Clashes in Beirut and other parts of Lebanon killed at least two people and left more than a dozen wounded overnight (local time) as fears grow that Syria's civil war is spilling over into its smaller neighbour, security officials and state-run media say.
The latest spasms of violence came amid rising tension between Lebanese groups that support and oppose the regime of Syrian President Bashar Assad and in the wake of the assassination last week of a top anti-Syrian intelligence official in Lebanon.
Most of Lebanon's Sunnis have backed Syria's mainly Sunni rebels, while Lebanese Shiites tend to back Assad. The Syrian president, like many who dominate his regime, is a member of the Alawite sect, an offshoot of Shiite Islam.
Lebanese Brigadier General Wissam al-Hassan, who was killed in a car bomb in an east Beirut neighbourhood on Friday, was a Sunni who challenged Syria and Hezbollah.
His assassination has threatened to shatter Lebanon's fragile political balance. Many politicians have blamed Syria for the killing and angry protesters tried to storm the government palace after al-Hassan's funeral Sunday but were pushed back by troops who opened fire in the air and fired tear gas.
Overnight, Sunni and Shiite gunmen clashed in two Beirut neighbourhoods and officials also reported heavy clashes late Sunday and early Monday in the northern city of Tripoli and towns between Beirut and the southern city of Sidon.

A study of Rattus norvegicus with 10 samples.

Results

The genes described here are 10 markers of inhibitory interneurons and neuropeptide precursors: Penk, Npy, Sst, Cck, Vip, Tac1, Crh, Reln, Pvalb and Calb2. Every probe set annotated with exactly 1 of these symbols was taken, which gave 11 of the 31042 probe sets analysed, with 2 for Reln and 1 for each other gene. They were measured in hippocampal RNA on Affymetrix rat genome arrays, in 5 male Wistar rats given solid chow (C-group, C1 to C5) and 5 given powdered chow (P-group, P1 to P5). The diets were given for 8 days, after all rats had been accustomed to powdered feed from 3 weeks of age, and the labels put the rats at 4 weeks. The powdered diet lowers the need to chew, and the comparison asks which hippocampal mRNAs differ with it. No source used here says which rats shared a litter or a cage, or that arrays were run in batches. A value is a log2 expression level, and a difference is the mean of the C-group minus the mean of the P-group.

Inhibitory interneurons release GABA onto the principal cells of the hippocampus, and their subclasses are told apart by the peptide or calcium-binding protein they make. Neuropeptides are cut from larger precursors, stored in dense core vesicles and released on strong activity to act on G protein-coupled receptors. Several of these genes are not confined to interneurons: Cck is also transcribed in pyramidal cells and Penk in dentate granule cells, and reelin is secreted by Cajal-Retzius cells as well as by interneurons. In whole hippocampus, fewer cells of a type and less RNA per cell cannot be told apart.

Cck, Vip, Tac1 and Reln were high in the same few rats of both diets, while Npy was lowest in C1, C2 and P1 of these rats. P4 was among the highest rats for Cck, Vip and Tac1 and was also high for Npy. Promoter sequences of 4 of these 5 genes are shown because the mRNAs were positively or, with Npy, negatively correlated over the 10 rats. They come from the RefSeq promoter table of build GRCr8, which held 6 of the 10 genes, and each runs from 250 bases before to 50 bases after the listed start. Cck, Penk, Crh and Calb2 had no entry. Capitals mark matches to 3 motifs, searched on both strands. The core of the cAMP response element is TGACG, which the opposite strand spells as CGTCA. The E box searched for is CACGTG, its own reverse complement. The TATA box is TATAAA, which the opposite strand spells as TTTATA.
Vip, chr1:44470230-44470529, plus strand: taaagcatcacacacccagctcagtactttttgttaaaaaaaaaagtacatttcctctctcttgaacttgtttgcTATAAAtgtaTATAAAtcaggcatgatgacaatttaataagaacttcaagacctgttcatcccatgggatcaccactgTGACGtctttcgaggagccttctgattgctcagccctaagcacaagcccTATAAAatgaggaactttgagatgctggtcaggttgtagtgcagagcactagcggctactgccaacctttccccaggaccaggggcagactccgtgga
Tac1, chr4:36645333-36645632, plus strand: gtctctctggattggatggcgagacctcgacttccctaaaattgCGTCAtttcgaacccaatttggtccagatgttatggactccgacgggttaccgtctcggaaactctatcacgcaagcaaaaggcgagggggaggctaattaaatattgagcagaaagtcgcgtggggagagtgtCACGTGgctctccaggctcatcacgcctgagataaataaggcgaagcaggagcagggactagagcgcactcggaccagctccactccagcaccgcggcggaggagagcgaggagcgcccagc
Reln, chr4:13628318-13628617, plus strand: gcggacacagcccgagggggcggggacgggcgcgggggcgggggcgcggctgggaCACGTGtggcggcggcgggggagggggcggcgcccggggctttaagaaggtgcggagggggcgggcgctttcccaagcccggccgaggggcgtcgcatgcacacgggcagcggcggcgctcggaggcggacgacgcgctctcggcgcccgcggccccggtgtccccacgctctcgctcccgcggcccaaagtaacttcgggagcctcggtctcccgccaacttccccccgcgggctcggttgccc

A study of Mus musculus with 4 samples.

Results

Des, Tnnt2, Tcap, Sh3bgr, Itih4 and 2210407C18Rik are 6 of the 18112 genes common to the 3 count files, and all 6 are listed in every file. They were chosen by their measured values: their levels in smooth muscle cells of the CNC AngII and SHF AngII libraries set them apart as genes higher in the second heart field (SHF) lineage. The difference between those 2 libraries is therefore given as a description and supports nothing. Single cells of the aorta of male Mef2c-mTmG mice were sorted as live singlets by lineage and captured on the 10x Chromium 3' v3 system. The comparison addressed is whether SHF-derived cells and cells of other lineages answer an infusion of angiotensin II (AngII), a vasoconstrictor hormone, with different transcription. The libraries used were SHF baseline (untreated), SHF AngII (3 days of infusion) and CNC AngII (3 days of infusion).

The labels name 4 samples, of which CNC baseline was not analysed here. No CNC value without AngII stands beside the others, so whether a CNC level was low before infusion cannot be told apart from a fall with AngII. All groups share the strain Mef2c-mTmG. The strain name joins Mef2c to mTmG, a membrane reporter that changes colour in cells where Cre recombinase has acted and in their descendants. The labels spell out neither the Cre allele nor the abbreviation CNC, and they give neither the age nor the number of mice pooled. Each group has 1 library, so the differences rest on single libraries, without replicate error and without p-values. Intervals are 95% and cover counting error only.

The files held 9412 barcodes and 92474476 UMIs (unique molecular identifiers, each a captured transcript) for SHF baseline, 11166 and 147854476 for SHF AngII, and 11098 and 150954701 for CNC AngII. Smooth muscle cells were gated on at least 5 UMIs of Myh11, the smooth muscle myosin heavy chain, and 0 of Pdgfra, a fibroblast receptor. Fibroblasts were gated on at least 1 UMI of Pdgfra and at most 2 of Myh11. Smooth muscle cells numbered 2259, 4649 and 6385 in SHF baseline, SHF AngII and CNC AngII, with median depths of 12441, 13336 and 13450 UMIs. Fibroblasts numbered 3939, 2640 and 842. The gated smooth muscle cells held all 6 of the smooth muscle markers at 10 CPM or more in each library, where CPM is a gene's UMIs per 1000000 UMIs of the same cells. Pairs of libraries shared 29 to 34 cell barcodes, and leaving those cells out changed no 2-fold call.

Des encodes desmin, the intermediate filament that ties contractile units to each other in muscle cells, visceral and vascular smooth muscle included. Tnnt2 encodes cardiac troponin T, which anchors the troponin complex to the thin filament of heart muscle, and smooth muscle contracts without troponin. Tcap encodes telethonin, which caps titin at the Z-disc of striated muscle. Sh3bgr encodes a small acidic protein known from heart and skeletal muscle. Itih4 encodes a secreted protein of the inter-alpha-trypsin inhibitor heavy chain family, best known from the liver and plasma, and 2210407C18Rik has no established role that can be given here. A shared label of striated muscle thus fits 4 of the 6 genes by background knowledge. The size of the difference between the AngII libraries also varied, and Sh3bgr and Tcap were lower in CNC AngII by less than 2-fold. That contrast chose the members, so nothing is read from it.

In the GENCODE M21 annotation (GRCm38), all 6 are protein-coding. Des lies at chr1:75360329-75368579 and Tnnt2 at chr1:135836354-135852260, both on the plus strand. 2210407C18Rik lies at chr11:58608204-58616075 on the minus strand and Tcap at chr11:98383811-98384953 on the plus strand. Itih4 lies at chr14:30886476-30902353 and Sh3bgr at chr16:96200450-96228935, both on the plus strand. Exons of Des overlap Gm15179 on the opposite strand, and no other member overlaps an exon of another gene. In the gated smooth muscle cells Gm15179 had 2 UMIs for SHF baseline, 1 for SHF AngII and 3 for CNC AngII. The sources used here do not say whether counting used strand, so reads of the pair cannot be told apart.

The officials, speaking on condition of anonymity because they were not authorised to talk to the media, said a man was killed in shooting in the Wadi Zayneh area north of Sidon and another person died in the Tripoli clashes. The officials said the clashes wounded at least six people in Beirut and 10 in Tripoli.
An Associated Press photographer saw dozens of gunmen roaming the streets of Beirut's predominantly Sunni neighbourhood of Tariq Jadideh, where much of the fighting had taken place. Local Sunni leaders were calling the gunmen by telephone urging them to pull out of the streets.
In some roads around Tariq Jadideh, masked Sunni gunmen set up checkpoints, stopping cars and asking people about their destination and where they were coming from.
A woman who lives in the neighbourhood said the fighting began shortly after midnight and lasted until sunrise.
"We couldn't sleep because of the shooting. There were also some booms," she said, referring to rocket-propelled grenades. She asked that her name not be mused for fear of reprisals.
In Tripoli, residents said scores of soldiers deployed around the city in an attempt to bring back calm. The military also set up checkpoints, searched cars and asked people for identity cards.